Josie Rourke’s Mary Queen of Scots is the latest attempt to tell the well-worn story of Mary Stuart, who challenged the protestant hold on the English throne under Elizabeth I. Starring Saoirse Ronan in the titular role and Margot Robbie as Elizabeth it is, in short, two hours of overwrought, stagey nonsense that somehow fails to avoid also being deathly dull.
The film sets out its stall early on. The story is of two strong women, rivals for the throne, and the decision to cast people of colour in key supporting roles (Gemma Chan as Elizabeth Hardwick, Ismael Cruz Córdova as David Rizzio, and Adrian Lester as the Queen’s emissary in Scotland) is interesting and timely. It suggests that the film is willing to find parallels with modern culture, modern Britain, that never materialise. Instead, the film wears its historical iconoclasm without much interest in interrogating it. The case for casting more POC in historical dramas has been well made (as has the case for producing more dramatisations of history that included POC) and is very worthwhile, but here it is symptomatic of a tension between an artistic tug and a veristic pull. It is a shame that the latter wins out.
Because Elizabeth I and Mary Queen of Scots famously never met, the film takes place in two parts: Mary in Scotland leading a life full of intrigue and adventure, and Elizabeth in London moping on the great misfortune of being tremendously wealthy in a time of incredible poverty. Ronan is typically solid as Mary, though the desire to make her a likeable protagonist somewhat erodes the complexity of the part. Her narrative is also rather uneven: her courtship with Jack Lowden’s Lord Darnley is painted in palates that flutter between heather-strewn sunlit highlands and sinister, dark castle corners. There is a lot of visual signposting nudging the viewer through a relationship that lasts only a few scenes. And in battle mode the film really stutters, presenting a bloodless, sub-Game of Thrones melee. It does feel like the qualitative stakes for adult medieval bloodshed have been raised of late, and Mary rather flounders in it.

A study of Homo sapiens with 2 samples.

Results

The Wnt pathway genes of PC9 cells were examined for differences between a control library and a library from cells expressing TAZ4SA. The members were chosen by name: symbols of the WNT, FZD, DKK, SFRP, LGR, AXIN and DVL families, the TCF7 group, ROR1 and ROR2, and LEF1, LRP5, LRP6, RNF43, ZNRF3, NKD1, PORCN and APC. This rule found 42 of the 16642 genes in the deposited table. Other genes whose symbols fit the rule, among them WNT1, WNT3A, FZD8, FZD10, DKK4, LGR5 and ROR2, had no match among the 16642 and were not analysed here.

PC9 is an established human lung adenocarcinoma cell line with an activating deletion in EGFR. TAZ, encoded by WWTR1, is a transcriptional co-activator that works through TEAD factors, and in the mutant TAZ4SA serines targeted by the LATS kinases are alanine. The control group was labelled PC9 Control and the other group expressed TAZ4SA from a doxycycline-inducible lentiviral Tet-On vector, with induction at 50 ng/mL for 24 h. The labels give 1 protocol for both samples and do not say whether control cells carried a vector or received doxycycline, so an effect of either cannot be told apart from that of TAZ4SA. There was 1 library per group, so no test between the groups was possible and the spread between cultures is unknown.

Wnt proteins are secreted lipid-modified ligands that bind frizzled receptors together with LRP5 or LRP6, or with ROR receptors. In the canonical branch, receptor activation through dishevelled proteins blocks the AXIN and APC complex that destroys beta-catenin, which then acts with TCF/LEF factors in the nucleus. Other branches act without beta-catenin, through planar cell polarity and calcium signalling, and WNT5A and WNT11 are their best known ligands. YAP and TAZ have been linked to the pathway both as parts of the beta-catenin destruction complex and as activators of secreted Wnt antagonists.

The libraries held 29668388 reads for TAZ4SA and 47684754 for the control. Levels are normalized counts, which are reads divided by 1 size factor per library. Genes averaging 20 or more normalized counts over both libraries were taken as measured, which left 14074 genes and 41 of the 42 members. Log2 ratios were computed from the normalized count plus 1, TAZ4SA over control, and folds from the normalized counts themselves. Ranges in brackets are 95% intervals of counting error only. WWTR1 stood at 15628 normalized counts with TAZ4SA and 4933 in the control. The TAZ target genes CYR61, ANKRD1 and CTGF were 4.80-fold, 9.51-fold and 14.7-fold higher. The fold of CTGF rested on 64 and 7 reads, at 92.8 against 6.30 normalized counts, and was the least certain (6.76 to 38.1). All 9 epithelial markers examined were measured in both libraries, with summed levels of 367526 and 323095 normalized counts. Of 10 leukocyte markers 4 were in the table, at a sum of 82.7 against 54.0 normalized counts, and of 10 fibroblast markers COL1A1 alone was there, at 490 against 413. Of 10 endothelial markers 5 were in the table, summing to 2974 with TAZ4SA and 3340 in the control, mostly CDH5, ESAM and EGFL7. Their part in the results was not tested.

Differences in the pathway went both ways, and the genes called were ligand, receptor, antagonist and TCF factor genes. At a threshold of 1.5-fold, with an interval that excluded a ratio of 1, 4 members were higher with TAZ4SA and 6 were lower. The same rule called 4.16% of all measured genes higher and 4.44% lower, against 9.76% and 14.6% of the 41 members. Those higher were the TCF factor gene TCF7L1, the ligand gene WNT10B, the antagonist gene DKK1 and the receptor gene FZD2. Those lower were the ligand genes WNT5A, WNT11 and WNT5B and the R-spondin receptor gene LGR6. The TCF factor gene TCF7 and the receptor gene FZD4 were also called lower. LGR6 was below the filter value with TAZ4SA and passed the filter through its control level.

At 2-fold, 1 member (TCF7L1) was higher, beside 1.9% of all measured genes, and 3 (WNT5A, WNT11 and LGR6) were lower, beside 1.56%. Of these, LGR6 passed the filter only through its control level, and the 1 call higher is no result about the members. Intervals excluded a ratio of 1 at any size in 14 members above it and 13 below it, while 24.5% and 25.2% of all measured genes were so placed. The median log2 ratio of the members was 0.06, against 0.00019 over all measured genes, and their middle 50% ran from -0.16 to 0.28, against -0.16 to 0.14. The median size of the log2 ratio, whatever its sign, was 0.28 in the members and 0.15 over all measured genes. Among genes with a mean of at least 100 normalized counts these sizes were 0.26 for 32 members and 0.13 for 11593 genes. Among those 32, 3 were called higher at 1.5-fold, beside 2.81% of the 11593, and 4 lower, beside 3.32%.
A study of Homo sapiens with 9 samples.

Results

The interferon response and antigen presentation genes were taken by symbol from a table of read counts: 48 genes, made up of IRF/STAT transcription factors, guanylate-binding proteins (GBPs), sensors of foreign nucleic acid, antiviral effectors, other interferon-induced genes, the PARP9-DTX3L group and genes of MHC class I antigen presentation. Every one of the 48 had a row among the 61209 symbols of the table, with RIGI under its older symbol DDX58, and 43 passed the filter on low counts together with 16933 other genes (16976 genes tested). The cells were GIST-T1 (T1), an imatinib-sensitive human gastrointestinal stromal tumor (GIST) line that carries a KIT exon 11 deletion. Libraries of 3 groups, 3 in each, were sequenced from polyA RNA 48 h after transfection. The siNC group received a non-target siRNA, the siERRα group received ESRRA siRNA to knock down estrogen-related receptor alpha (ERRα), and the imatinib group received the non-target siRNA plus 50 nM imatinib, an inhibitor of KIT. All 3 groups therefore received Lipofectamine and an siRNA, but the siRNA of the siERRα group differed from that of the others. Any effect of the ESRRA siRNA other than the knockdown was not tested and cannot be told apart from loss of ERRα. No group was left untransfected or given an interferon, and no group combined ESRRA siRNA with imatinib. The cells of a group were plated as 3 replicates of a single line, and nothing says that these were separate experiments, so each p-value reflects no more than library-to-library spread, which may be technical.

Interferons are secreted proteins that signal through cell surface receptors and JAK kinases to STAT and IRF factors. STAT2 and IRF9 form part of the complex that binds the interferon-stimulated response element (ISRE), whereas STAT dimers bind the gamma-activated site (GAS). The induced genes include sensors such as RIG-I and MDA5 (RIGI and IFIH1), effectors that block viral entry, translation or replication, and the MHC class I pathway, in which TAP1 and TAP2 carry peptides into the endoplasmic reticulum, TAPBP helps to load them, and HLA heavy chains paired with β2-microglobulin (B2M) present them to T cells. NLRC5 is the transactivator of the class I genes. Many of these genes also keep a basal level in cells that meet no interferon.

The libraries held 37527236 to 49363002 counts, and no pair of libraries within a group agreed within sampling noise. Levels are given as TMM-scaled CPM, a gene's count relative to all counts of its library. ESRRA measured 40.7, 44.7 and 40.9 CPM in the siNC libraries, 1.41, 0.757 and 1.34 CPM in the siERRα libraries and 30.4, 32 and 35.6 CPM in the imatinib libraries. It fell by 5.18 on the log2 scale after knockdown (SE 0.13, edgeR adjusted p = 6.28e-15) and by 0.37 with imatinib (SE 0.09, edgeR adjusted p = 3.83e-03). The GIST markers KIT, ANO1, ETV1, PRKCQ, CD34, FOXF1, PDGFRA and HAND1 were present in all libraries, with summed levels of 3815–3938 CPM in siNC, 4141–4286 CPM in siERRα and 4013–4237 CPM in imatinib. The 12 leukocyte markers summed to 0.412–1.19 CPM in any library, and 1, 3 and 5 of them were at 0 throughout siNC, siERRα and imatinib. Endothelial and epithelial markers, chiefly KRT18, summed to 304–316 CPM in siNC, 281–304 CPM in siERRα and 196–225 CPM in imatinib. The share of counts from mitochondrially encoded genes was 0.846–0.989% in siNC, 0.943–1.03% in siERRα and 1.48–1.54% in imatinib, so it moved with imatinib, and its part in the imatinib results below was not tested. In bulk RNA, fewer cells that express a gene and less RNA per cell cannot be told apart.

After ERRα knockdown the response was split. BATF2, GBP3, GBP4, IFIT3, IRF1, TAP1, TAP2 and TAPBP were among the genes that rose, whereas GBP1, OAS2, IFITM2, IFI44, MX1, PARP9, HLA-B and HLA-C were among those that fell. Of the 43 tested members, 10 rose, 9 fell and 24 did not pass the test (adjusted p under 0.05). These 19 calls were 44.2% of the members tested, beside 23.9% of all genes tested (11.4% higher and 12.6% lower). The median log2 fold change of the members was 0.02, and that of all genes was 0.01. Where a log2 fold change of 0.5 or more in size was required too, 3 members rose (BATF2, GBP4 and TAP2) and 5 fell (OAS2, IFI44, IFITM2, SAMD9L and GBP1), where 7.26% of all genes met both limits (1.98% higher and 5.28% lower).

In London, Margot Robbie is doing her best to get that Supporting Actress Oscar by applying a lot of debeautifying make-up (presumably hoping to follow in the footsteps of Gary Oldman’s Academy Award for Best Actor in a Churchill mask). There is nothing much wrong with the performance, but there is little substance to it either, and it does seem to be being taken more seriously because it involves smallpox scarring. The film’s most obvious misstep (with the exception of an extraordinarily ill-judged and shrill cameo from David Tennant) comes towards its conclusion during a meeting between Mary and Elizabeth that is confected for the sake of the film.
Again, it is not the irreverence that is the issue, but the presentation: Rourke’s theatre background comes through in a bizarre sequence that involves more hanging drapes than Cirque du Soleil, where the two women speak in trite riddles and never quite come face to face. If you are going to go down the whole ‘Mary and Elizabeth secretly met’ route, what’s the harm in owning it? The dreamy smoke and mirrors of this sequence are horribly out of place with the rest of the film.
In the end, it’s more disappointing than bad. A great cast and an interesting period of history (even if it has been done to death on screens and in classrooms) wasted on a sombre muddle that wants to have both the gravity of Shakespeare and a fresh, dynamic perspective. As the film tells us, however, that sort of compromise is hard to achieve with two such opposing dogmas, and, as a result, this falls rather flat.